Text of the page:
Carmen de Zulueta

Madrid, 1916 – New York, 2010

Carmen de Zulueta embodied the spirit of Spanish institucionismo. Exile became her homeland right at the start of the Spanish Civil War. She worked as a teacher and lived most of her life in New York. From her house in the city she wrote her acclaimed monographs on the history of the Residencia de señoritas and of women’s education around the ILE.


Girls from the Free Institution of Education had their hair shaved short and wore boy’s corduroy trousers. They wore woollen tights and big calfskin country boots, like those that hikers wear.
Carmen Zulueta meticulously portrays her childhood in the heart of Madrid’s Free Institution of Education movement ("institucionismo"). Long days of learning in and outside the classroom, sport, and trips to the country. The ILE and the Boston, as it’s known today, in Miguel Ángel Street were her home. It is important to give a detailed portrait of that life before 1936 and to include the memory of the young institucionista who roamed the streets of Madrid and represented the modern European woman, emblem of the future, in the Spanish capital. A sister to the students at the Residencia de señoritas (the first official centre aimed at delivering university teaching to women in Spain), with whom she shared her teachers, the institucionista represented the future of female emancipation in Spain like no other.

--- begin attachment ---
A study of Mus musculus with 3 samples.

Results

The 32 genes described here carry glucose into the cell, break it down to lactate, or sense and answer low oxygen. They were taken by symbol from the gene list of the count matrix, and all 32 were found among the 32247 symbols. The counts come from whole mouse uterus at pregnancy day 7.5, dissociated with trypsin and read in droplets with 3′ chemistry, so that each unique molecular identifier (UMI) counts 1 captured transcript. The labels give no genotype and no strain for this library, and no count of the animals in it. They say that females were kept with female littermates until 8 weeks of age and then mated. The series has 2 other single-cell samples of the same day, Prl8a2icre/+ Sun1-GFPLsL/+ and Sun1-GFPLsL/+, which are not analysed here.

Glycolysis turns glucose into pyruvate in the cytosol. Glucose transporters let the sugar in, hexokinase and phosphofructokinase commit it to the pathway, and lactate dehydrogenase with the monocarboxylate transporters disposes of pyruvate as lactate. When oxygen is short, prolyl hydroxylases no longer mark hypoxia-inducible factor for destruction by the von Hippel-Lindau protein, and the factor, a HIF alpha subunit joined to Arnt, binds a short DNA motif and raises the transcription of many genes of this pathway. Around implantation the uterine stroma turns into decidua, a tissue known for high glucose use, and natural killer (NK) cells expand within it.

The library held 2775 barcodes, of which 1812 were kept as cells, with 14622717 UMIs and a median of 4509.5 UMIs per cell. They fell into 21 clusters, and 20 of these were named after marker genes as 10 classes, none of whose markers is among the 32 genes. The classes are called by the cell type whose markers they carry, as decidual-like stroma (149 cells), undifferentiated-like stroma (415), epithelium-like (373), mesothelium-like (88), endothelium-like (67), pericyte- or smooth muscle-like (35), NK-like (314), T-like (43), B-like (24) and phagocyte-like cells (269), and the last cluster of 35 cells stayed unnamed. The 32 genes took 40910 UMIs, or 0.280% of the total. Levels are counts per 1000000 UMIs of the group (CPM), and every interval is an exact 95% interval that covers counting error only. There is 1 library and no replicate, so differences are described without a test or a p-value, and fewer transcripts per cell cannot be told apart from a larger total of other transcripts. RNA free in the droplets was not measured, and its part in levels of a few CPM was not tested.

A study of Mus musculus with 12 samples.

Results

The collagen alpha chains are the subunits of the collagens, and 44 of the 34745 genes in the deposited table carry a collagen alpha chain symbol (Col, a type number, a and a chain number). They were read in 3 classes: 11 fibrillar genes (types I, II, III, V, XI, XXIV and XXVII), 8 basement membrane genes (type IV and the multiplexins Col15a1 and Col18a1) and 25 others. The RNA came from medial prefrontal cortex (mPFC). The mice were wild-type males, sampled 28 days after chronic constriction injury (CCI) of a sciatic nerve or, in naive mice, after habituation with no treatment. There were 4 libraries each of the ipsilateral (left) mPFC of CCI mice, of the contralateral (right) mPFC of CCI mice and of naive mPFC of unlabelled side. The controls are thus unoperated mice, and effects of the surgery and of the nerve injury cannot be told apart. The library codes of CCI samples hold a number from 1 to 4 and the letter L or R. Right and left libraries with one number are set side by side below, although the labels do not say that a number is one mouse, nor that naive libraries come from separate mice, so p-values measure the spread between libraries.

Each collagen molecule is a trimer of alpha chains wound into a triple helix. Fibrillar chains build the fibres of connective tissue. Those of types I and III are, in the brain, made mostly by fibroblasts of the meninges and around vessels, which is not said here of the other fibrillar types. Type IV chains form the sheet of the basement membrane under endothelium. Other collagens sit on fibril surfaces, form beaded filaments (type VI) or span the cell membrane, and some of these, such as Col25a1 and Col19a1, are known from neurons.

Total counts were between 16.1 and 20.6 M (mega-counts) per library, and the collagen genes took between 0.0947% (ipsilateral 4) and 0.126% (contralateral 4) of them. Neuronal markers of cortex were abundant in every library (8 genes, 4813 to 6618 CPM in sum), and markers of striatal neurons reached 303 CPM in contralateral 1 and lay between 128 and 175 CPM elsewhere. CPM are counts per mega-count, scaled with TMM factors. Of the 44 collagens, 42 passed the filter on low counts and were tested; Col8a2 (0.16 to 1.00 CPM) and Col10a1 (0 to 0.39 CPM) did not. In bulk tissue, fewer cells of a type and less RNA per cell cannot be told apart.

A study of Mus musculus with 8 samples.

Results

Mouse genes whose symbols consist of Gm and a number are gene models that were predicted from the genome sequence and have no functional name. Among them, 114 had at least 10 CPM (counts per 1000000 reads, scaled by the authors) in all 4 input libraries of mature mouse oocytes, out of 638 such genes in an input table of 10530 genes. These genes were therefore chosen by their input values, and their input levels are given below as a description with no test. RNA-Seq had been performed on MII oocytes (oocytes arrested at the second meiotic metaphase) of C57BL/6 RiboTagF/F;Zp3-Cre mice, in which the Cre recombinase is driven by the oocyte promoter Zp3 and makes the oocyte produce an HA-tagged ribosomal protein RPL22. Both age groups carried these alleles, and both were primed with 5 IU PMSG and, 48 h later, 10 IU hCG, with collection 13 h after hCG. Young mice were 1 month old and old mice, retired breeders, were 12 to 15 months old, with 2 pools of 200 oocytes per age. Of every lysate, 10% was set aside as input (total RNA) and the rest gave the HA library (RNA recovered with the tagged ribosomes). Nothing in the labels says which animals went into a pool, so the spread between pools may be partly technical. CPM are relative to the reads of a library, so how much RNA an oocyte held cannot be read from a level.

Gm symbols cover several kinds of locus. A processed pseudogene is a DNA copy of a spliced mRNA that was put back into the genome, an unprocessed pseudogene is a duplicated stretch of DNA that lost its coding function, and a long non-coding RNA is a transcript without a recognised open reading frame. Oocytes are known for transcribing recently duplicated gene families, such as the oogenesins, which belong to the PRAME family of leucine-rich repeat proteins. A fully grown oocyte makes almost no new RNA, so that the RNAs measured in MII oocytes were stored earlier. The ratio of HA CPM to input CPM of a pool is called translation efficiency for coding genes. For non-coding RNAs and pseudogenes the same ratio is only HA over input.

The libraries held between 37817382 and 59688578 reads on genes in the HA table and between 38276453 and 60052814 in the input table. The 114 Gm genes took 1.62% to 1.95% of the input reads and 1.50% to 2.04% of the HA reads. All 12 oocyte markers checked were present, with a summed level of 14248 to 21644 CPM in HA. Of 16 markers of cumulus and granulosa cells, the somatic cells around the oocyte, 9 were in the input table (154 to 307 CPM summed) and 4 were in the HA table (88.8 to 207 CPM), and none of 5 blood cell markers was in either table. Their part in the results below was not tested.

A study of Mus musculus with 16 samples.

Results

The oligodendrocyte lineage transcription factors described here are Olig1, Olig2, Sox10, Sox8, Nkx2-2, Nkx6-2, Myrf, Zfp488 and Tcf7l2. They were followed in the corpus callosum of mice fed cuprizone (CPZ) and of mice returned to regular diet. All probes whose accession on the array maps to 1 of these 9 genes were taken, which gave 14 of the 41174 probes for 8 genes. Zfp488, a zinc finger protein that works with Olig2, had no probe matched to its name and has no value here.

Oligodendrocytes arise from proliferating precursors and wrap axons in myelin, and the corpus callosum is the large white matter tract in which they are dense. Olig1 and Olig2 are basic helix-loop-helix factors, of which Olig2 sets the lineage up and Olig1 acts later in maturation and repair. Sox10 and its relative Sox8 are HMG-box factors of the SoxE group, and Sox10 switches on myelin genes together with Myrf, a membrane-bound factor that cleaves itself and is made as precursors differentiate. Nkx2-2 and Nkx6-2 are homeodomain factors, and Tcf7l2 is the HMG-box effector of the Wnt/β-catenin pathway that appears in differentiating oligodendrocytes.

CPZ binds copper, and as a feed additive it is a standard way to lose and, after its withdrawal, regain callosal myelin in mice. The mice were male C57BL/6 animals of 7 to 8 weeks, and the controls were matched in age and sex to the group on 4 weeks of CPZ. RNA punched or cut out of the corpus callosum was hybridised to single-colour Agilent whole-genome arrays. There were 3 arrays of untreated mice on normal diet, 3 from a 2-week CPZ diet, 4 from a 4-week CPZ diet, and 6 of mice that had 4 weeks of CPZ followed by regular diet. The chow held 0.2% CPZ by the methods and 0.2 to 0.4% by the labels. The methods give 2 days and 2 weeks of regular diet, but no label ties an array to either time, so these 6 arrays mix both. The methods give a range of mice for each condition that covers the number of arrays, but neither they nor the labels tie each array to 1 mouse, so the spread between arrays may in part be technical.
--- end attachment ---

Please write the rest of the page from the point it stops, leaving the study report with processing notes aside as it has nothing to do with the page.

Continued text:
Leaving Spain was dramatic for us Spaniards who studied at the Free Institution of Education. For our whole lives we had grown up in the parameters of a Europeanising Spain.
Without knowing a word of English Carmen de Zulueta began her exiled life in Norfolk as a Spanish teacher. The institucionismo of her childhood and youth gave her a great temperance to face the uncertain future of those who cannot return to their home country due to war and leave everything behind. From then on she will be aware of being a foreigner everywhere.
Who am I? I am two different people, the Spanish and the American.
After the years in England and Bogota, New York became Carmen Zulueta’s permanent home. Her first visit gave her similar impressions to those García Lorca experienced in 1929. The poet’s family welcomed her, representing, together with the family of Laura de los Ríos, her first ‘España peregrina’, a place of refuge where she could connect with the roots and identity from her childhood.

ACTRESS: Laura Arnáiz | SOURCE: La España que pudo ser. Memorias de una institucionista republicana. | DIRECTED BY: Nuria Capdevila-Argüelles | SCRIPT: Nuria Capdevila-Argüelles | PRODUCTION: Isabel Santafé, Nuria Capdevila-Argüelles | CASTING: Cervantes Theatre | ARTISTIC DESIGN: Lucy Richards | COSTUME: O.La.La Vintage Wardrobe | HAIR & MAKE-UP: Charo Hairdressing | POSTPRODUCTION: Luke Hagan, Jonas Hawkins | SOUND: Luke Robinson | SET MANAGER: Jacob Saul | CAMERAS: Luke Hagan, Samuel Walker | EDITING: Ashley Thorpe | STILL PHOTOGRAPHY: Vanessa Miles | TRANSLATION: Isabelle Brown | VOICE ARROZ CON LECHE: Lisa Campos Sánchez.